This Degree Will Cost Me How Much?!

For decades, conventional wisdom told us that you needed to go to college if you wanted to have a professional career and make a high salary. If you wanted to be the boss, college was a must. Any money spent on a college degree would be recouped by the earning power gained from that degree.

Today, things are different. High school graduates are faced with the dilemma of having no money to pay for college because their parents were unable to save. Part time jobs and seasonal employment, which used to help college students pay their tuition bills, are now hard to come by with the unemployed workforce vying for positions that used to be reserved for teenagers and college students.

What are college students to do? Rather than forgo an education, students take out student loans. But at what cost? How much student loan debt will these students be saddled with upon graduation?

Let’s use a medical student as an example. A medical student needs a four year degree just to get into medical school, and will then be required to complete four years of medical school for a total of eight years. Here is a typical breakdown of the financial burden incurred by a medical student attending a private university:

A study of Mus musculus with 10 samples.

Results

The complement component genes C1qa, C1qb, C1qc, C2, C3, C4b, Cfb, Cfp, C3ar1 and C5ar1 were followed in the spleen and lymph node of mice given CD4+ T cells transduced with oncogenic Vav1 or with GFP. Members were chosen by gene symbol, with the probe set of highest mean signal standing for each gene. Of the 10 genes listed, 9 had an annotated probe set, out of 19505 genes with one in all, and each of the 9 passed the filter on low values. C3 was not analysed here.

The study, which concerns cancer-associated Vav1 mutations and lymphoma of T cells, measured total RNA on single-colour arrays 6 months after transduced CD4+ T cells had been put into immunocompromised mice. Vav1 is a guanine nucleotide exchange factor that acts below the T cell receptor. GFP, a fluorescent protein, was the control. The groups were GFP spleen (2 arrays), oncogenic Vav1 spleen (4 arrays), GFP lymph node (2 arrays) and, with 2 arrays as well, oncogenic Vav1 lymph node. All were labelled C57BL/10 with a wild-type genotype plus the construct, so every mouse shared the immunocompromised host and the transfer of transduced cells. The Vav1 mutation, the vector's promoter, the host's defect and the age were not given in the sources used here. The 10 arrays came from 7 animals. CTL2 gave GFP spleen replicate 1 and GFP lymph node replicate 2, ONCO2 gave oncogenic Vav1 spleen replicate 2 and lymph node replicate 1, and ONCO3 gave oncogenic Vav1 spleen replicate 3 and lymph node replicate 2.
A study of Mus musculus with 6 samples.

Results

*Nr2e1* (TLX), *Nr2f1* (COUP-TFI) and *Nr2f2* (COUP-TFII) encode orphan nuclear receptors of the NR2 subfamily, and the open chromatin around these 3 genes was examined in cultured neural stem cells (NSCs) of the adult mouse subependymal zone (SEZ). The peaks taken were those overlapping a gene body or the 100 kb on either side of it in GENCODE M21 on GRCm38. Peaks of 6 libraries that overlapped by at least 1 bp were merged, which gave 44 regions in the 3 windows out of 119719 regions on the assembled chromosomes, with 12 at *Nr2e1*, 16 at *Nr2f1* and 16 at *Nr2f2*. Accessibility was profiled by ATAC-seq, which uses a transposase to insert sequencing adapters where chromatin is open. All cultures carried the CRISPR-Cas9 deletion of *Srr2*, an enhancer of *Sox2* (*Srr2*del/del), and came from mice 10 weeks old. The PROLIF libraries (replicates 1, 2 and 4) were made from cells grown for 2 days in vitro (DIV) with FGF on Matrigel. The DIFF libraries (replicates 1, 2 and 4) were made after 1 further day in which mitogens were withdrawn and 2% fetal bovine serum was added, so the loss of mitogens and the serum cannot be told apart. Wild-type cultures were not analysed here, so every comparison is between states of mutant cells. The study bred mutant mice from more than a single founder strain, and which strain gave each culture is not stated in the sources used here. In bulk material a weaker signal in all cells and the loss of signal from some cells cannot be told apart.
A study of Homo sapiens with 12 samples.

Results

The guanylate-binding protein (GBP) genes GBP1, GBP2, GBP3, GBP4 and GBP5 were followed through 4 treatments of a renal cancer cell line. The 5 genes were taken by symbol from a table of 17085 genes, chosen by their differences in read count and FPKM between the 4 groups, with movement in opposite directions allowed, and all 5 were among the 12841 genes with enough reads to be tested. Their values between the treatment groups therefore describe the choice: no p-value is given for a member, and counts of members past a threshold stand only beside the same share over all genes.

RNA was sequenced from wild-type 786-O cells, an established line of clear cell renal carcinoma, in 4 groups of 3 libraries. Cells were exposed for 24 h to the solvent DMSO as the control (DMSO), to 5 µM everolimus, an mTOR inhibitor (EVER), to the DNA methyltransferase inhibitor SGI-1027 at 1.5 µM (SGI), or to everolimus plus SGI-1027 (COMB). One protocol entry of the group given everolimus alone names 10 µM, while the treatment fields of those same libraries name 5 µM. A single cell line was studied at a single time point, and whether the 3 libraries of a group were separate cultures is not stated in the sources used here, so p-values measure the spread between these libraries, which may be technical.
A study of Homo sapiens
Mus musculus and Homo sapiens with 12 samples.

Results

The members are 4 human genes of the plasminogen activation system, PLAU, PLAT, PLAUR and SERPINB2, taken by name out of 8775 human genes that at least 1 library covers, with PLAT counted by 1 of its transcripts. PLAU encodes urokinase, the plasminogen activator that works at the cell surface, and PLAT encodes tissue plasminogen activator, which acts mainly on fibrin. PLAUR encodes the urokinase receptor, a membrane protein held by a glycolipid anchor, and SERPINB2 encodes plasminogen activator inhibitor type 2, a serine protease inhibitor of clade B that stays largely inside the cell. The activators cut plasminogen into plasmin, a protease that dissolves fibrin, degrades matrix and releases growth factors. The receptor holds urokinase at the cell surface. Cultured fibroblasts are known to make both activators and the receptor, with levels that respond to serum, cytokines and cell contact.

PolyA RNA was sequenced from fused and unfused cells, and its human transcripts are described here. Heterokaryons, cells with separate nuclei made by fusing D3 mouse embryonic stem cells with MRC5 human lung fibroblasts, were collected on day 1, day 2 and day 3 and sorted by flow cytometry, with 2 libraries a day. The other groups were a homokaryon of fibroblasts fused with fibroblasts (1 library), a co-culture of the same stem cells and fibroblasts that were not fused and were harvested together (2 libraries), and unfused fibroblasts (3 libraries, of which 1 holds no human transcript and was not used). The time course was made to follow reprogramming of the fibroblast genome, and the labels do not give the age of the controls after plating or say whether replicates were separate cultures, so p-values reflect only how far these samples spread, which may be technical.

Undergraduate school: Four years at an average tuition rate of $32,000 per year = $128,000

Medical school: Four years at an average tuition rate of $45,000 per year = $180,000

Total Bill: $308,000

Keep in mind that these are just the averages for tuition and do not include fees and housing. Typically, medical students will be assessed fees for their labs, using computers and other on-campus technology, health services, and the library. Grants may cover a portion of the tuition and fees, but medical students on average graduate with student loan debt of nearly $200,000.

Even if the student decides to stop at a 4-year degree and try to find a job based just on that education, they will be graduating with financial burden of $128,000 if no other financial aid options were available to them and they decided to pursue a degree at a private university. Regardless of the subject, a 4-year degree at a private university will run you approximately the same amount, meaning college will cause a debt burden that will be hard to remedy in a sputtering economy.

So, what’s a graduating high school student to do? It may be wise to consider the cost of a college before sending in the deposit to hold your spot at the school. Grants are available, but are limited and usually based on income, including parental income. Graduating with debt may seem like no big deal due to the perceived marketability of a degree, but it’s best to weigh the pros and cons before signing up for debt.

By High Yield Savings Accounts

The founder and editor of with a passion for personal finance and experience in the financial industry.